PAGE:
Top 10 Reasons to Play Pequot
(1) A mix of more open and tighter holes. The routing starts in the open; then takes us in and out of the trees; then back among them; it ends up on parkland. Pequot is more diverse and scenic than courses which leave us stuck mainly in the woodlands.
(2) Variety: Uphill and downhill; big greens and small; some overtly undulating and others easier; a mix of fairway and greenside bunkers (the latter in various, non-repetitive configurations). And there’s ground movement on the fairways and around the greens—many of which exhibit drop-offs near the edges.
(3) Limited use of major water hazards; instead, the course favors bunkers. Only a single pond, which is in play on one hole only (not shared or multi-use). Many layouts overuse water hazards. Yet you don’t see a lot of huge water hazards on the great links courses—they don’t need them.
(4) Speaking of links, you’re not far from the ocean here. Wind is far more a factor here than on most CT layouts, adding both interest and challenge.
(5) Higher playability for mid and especially higher-handicap golfers. Too many golf designs from the 80’s/90’s—long, longer, longest—were geared primarily to better players.
(6) Some tough and some tight par-4’s in the moderate-to-long range (see three, eight, eleven, fourteen)
(7) Four doglegs, a balance of both right and left, thrown into the mix. Bonus: two of these with stronger angles are shorter, accommodating shorter hitters. But also a flaw: these same two holes have dense trees at the corner; because they are angled at 90 degrees, you should be able to cut their corners in the air—but cannot.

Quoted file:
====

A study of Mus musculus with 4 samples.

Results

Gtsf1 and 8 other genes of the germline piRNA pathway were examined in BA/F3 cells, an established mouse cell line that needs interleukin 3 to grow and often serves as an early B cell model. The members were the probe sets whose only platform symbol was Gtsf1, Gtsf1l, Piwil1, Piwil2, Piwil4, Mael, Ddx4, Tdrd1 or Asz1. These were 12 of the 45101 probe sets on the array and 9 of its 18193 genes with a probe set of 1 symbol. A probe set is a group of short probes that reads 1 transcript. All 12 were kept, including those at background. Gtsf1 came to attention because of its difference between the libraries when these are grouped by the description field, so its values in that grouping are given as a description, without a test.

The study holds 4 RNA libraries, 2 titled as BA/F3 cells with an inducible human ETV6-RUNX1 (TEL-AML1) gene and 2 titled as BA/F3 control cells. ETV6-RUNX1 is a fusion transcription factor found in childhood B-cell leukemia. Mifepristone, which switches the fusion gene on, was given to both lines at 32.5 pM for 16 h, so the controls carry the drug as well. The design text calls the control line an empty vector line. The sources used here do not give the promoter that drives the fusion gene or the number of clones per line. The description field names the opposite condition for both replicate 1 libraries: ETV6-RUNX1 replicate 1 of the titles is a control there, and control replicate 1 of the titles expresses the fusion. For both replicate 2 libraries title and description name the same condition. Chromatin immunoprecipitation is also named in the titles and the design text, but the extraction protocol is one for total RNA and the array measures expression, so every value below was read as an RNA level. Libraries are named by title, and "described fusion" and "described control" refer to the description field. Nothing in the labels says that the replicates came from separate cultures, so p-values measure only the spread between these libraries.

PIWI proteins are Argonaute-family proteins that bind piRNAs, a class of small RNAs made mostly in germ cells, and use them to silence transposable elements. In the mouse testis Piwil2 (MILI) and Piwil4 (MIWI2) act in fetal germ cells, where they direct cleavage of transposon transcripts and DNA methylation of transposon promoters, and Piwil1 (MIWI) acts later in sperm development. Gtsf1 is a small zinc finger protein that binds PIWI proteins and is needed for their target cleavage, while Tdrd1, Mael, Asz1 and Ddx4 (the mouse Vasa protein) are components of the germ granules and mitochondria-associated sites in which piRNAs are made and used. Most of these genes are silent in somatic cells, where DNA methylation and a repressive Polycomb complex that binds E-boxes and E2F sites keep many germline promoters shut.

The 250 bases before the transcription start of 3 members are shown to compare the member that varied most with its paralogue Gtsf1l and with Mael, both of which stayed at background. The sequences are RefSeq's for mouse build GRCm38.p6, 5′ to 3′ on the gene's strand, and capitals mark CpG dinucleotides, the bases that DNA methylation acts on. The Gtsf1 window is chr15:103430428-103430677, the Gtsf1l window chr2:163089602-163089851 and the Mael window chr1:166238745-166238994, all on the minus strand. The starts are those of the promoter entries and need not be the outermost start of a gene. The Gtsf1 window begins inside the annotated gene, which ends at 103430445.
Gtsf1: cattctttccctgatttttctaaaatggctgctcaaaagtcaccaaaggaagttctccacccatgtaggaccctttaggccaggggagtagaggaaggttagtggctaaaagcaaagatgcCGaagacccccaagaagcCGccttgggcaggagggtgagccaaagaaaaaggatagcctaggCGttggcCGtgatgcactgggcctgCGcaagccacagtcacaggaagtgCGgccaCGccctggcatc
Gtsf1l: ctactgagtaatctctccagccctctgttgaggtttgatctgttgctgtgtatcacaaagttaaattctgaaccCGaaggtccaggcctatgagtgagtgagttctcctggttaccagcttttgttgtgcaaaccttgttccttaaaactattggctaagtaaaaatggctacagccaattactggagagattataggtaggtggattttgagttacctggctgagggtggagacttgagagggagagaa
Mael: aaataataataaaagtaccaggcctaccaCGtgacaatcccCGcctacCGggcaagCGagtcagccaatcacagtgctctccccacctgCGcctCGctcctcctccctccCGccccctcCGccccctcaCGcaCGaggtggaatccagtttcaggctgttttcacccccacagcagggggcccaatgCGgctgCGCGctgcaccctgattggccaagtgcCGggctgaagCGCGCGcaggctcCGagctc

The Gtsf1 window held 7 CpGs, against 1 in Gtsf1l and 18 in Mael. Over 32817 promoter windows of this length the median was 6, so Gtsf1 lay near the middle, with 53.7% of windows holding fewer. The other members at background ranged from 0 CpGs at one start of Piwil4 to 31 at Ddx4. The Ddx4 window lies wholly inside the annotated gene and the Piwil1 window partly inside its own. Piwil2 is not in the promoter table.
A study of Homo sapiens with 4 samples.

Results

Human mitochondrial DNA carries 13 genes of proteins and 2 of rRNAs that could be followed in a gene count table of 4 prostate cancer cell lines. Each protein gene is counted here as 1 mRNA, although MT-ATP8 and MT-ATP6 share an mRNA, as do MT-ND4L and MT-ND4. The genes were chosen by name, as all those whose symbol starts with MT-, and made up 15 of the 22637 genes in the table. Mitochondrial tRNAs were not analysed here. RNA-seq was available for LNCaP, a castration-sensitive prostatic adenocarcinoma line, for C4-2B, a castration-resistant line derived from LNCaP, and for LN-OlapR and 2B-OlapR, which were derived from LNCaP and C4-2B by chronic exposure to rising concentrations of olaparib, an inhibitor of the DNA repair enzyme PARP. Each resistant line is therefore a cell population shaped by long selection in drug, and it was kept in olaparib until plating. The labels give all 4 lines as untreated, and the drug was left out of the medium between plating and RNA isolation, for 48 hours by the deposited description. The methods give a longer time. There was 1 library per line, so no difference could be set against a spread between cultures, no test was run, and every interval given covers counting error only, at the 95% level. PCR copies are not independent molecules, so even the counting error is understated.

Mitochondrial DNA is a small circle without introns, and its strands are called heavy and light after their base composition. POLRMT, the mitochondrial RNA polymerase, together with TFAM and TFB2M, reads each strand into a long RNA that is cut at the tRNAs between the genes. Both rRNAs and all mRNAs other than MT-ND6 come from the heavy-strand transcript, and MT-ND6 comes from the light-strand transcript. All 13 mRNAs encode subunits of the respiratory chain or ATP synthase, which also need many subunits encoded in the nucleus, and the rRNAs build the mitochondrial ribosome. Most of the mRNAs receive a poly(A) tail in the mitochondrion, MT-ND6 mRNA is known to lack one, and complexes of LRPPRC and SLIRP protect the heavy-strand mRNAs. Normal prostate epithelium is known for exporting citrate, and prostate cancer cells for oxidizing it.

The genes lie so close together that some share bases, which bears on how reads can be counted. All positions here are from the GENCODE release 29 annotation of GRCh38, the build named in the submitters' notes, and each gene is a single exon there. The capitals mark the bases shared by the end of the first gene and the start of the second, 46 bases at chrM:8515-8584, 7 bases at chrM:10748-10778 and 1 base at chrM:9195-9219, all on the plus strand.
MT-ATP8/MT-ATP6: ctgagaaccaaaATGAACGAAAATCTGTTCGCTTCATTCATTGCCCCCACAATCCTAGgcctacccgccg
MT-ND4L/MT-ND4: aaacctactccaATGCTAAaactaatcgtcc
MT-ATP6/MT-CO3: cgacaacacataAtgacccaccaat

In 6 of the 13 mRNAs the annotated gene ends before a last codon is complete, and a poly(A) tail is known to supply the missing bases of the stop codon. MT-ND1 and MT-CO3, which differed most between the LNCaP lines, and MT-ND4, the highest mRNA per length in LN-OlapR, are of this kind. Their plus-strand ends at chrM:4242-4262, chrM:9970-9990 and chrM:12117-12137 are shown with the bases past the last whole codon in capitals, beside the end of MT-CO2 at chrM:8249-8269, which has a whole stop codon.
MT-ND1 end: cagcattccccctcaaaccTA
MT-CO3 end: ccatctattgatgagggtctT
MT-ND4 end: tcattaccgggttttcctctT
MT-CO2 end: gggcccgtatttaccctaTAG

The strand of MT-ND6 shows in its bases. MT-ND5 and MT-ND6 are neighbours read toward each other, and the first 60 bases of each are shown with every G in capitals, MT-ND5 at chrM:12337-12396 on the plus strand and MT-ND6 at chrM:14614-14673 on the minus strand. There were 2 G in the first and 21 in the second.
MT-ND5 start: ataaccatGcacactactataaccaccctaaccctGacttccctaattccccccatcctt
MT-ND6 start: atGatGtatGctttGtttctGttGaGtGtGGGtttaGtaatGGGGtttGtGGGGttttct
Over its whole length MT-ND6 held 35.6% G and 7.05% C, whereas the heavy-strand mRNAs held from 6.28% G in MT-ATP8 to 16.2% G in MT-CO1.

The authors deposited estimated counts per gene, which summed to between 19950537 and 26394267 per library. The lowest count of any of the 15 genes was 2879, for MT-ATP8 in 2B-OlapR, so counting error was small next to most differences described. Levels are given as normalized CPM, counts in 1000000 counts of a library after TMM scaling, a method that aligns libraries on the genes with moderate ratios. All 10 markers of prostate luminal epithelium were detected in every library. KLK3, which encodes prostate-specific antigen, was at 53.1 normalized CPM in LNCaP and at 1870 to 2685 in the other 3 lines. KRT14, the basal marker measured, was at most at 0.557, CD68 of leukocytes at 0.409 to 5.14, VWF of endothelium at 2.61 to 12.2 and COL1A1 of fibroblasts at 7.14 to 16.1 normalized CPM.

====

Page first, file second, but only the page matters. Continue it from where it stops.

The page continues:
(8) Behind many greens, the woods come up fast. When greens are smaller, as many are here, absolute precision is a must. Tough approach shots keep you honest on all but a few holes.
(9) One of the most striking courses in Connecticut. If you’re having a bad round, you can at least enjoy the impressive scenery. I played a highly ranked Pennsylvania course last year, but was a tad dismayed to see Three-Mile Island on the Susquehanna River in the not-so-distant background. Anyway, the course itself was pretty.
(10) Only two par fives here, making it much harder for low-handicappers to shoot par (fewer birdie-opportunities). And the course doubles down on these, as the eighteenth is 565 yards uphill, and seven is short but with problems by the bucketful awaiting you not far off the fairway, as well as on its pitiless side hill lies.
If someone described this course to me centered on these features alone, I’d call it pretty darn good. And not even included on this list Pequot’s four stellar par-3s.
But let’s be somewhat darkly realistic. This is a fairly short course, and since time immemorial many golfers (often those playing to single-digits) have subscribed to the formula that only long, unrelenting courses are worthy of excellence. America’s greatest living architect, Tom Doak, would disagree (respectfully) with them. Doak believes that length is one of the two or three most overrated features of golf course design. In fact, he believes that courses having both variety and suitability to a wide range of players are two key qualities of courses that we should call outstanding. And Doak’s argument, when read in full, is far from simplistic. Bottom line: I’m in firm agreement with him. And so, one could argue, are most golfers. Go back and read the reviews of this course dating from last August and September, and you’ll find that there’s a commonality to their views and mine.
A great deal of fun but also pleasantly challenging, Pequot should be tried by everyone.